The first thing you need to know about the Subassembly Composer is that the system is “drag and drop.” As we develop our design we will need to pull the parts we need from the Tool Box into the Flowchart. It is important to have a good understanding of subassemblies and code sets before you begin working with the Subassembly Composer, so if you haven’t already read the first article in this series, please have a look at it.
The next part of the interface you will need to know is the Properties box. Once you have placed something from the toolbox such as a point you can select the object in the Flowchart and the information about that object will populate in the Properties box similar to the way AutoCAD behaves. From here we will be able to adjust how the object is created.
Above, I’m working with a point, so I will be able to manipulate specific values. The most important thing I can control is how the point is created. Above, there is a section called Point Geometry Type. The current method is “Delta X and Delta Y.” This is just using an X and Y value in relation to another object. Because this is the first object I’m creating, the only thing I’ll be able to locate this point by will be the origin or base point I’ll use when inserting my subassembly in Civil 3D. The base point is called “From Point” under Point Geometry Properties. The available value will adjust depending on the Type I select. Keep in mind the delta values you specify here are in feet, not inches.
Once the point is located in the correct spot, we need to set codes for our first point. Under Point you can enter a value next to Point Codes. For now, the value you enter here will need to be put in quotations. This means that if you want to use the code Top, you will need to enter the value “Top”, including the quotations.
After you create your first point you will need to drag and drop more points to form the links and shapes of your subassembly. Dragging a second point into the Flowchart, we can begin to look at some of the other location methods for our points.
For my Second point, I’m using the Point Geometry Type “Slope and Delta X.” This will allow me to follow a slope until I reach a horizontal offset. If I used Delta Y this would be a vertical offset instead.
Under Point Geometry Properties, you can set the From Point value to adjust from what point this object is located. As we continue adding more geometry, we will be able to select from all previously created points.
When switching the Point Geometry Type you should see the available Point Geometry Properties have changed based off of the Point Geometry Type. In the image above, I have a Slope and Delta X value to set.
Again, we will want to set Point Codes if needed, but we should also look at the Link breakdown. From here we can create a link automatically by checking the Add Link From Point check box. If you do create a link make sure you add a value to Codes to specify what that link represents.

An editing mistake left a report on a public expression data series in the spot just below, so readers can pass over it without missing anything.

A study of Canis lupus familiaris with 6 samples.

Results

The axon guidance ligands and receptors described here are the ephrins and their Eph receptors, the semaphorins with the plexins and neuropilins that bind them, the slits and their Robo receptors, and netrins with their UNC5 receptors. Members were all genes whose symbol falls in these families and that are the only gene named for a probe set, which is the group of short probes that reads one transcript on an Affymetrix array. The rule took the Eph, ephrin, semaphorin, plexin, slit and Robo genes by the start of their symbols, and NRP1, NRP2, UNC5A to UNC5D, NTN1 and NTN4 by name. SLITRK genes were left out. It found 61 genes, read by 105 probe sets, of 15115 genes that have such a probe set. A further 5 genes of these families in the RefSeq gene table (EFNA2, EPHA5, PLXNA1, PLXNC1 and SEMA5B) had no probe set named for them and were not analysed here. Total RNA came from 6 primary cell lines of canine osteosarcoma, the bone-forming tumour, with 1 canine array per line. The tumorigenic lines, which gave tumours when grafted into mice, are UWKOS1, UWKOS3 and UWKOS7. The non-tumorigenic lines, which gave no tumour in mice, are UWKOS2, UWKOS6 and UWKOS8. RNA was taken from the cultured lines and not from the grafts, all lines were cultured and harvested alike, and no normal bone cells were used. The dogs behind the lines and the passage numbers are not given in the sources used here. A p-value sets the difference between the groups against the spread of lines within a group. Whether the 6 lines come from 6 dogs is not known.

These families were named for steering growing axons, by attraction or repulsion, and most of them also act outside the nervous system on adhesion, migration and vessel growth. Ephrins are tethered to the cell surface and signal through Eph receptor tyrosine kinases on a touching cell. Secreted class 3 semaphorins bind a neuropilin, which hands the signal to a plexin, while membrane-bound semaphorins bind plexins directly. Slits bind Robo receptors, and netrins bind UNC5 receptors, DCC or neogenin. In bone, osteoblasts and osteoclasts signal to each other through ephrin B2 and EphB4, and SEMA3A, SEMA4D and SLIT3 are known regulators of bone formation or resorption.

Now that we have begun creating links we should start paying attention to the Preview box.
From here, you can select points and links to modify just like in the Flowchart, but this also gives you a much better feel for how the points all come together.
As you continue adding geometry you will eventually come to a point when you need to close your geometry with a link. To do this we can just drag and drop a Link from the Tool Box.
When creating a link all we have to identify for its location is a Start and End Point under the Position breakdown. Again, make sure you add Link Codes as needed.
Finally, if we are trying to make a shape to be used for volume calculations, we can drag and drop a Shape.
Once you add the shape, you will need to identify what links are used to make the shape. To do this you can use the green selection option under Links and then select the space within the preview that you want to fill. Think of it as creating a hatch. Once again, we are going to want to make sure we set a code for our geometry.
Now that you have a functional shape with codes setup to work with Civil 3D, our next step is to give it a name.
You may have noticed in the bottom right corner of the screen that there are several tabs. I am going to go into more details with these later in this series, but for now we need to switch to the Packet Settings tab.
From here, we need to set the Subassembly Name. Note this value cannot contain spaces. Notice we can also give it a description, a help file, and an image for use in the tool palette.
Once we have given the subassembly a name, we can now save it out and import it into Civil 3D using the Import Subassemblies tool.
From here, you will just need to navigate to the .pkt file and select what tool palette the subassembly will go in.
From here, you should be able to use your very own subassemblies.
In the next article we will be implementing Parameters into our subassemblies to allow the user to adjust values directly in Civil 3D.